The Cato Home Study Course, Vol. 7: The Bill of Rights and Subsequent Amendment to the Constitution
Download the .mp3 version of this course right here: http://bit.ly/2aZWgba
The fight over ratification of the Constitution was won by its proponents, the Federalists, only by means of a compromise with their opponents, the Anti-Federalists. That compromise was the addition of the Bill of Rights, the first ten amendments to the Constitution. The fear of a consolidated government was by no means new or unique to Americans; it grew out of a long history of struggles to limit the powers of kings, going back at least to Magna Carta. The various efforts to tie the rulers down with constitutional chains are charted in the audiocassettes for this module and documented in the readings, including Magna Carta, the Petition of Right, and the English Bill of Rights. Fear of expanding government is not out-of-date, as David Boaz demonstrates in his chapter "What Big Government Is All About."
The audiocassettes for this module explain the background and meaning of each of the amendments in the Bill of Rights, as well as the debates over their ratification. In addition, all of the subsequent amendments to the Constitution are examined and explained.
Readings to Accompany The Audio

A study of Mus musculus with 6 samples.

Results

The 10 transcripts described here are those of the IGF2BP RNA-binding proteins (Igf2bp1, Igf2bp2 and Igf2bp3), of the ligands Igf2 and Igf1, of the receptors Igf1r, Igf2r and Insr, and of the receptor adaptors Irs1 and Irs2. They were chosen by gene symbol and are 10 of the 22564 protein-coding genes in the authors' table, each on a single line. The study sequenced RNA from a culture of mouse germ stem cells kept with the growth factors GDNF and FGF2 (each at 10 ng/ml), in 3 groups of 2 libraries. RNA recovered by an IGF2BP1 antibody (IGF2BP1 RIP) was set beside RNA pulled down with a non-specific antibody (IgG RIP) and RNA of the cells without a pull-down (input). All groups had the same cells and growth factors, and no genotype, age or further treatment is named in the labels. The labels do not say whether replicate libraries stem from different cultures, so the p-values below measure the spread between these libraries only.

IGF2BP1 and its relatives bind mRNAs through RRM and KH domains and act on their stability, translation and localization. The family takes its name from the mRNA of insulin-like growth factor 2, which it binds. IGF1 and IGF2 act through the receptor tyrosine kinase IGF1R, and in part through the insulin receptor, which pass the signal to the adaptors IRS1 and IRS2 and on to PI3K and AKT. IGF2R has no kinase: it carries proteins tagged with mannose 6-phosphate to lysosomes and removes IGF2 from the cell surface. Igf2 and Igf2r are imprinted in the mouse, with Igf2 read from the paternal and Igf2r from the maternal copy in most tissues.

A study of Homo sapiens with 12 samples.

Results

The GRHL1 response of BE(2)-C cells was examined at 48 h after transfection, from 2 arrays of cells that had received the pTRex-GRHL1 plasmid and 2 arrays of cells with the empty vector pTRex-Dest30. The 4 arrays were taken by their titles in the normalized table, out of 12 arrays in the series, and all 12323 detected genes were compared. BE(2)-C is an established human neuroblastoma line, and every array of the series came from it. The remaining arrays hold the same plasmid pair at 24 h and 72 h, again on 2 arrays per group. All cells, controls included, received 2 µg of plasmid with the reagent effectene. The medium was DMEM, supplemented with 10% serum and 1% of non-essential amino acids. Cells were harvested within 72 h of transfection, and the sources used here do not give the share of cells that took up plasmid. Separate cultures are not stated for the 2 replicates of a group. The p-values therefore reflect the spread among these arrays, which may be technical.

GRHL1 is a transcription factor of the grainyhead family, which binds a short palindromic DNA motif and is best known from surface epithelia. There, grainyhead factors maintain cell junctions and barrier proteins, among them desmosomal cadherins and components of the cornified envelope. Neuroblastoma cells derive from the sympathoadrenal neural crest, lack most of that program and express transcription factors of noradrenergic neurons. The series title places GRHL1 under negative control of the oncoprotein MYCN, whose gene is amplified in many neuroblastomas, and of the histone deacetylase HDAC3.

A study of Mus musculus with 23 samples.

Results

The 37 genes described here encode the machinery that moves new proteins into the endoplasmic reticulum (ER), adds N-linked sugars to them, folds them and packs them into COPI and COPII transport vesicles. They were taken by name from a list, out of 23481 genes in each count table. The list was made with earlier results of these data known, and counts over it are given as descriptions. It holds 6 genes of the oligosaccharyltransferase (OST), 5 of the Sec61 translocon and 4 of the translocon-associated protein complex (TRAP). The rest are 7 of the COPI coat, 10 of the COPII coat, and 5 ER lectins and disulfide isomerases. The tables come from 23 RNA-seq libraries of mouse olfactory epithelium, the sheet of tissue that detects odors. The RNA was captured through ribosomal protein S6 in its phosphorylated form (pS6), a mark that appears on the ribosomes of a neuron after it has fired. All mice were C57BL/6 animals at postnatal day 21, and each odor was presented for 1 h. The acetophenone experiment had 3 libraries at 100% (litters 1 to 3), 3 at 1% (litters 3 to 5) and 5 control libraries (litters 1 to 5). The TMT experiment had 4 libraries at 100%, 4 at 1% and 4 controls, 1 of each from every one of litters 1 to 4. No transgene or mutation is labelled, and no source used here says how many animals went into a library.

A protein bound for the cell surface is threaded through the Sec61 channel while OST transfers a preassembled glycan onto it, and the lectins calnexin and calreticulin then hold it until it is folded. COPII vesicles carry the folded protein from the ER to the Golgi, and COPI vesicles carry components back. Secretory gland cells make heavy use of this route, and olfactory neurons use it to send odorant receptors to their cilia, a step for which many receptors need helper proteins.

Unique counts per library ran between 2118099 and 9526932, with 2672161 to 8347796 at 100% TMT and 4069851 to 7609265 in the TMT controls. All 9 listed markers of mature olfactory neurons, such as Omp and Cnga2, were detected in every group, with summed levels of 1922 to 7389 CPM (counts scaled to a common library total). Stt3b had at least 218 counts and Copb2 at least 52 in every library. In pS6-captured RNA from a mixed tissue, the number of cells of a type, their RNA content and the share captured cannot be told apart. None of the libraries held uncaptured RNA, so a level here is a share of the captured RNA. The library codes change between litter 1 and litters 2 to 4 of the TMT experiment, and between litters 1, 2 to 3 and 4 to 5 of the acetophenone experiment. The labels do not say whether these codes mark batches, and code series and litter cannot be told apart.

From From Magna Carta to the Constitution: Documents in the Struggle for Liberty: Magna Carta (1215) (pp. 1-16); The Petition of Right (1628) (pp. 19-24); the English Bill of Rights (1689) (pp. 37-46); the American Bill of Rights (1789) and subsequent amendments to the Constitution (pp. 90-101).
From Libertarianism: A Primer: Chapter 9, "What Big Government Is All About" (pp. 186-209).
From The Libertarian Reader: Roger Pilon, "The Right to Do Wrong" (pp. 197-201).
Some Problems to Ponder & Discuss
• Why list rights if no exhaustive list could be written? And why list activities and powers forbidden to government if those powers are not authorized in the first place? Is the Bill of Rights a redundancy in the Constitution?
• How are "natural rights" related to "legal rights" and "procedural rights"?
• Is it "undemocratic" to limit by law what the people may do?
• How can law limit itself?
• What good are "parchment barriers" to tyranny?
• What other items might you have added to the Bill of Rights, especially considering the experience of the years following the ratification of the Bill of Rights?
• Would an amendment to the Constitution limiting the terms of office of members of Congress (the president is already limited to two terms) help to secure limited government?
• The Ninth Amendment ("The enumeration in the Constitution of certain Rights shall not be construed to deny or disparage others retained by the people") speaks of other rights retained by the people. What might those other rights be?
• In Article I, Section 8, of the Constitution, the Congress is empowered to "provide for the common Defence and general Welfare of the United States." How is this related to the Tenth Amendment ("The powers not delegated to the United States by the Constitution, nor prohibited by it to the States, are reserved to the states respectively or to the people")?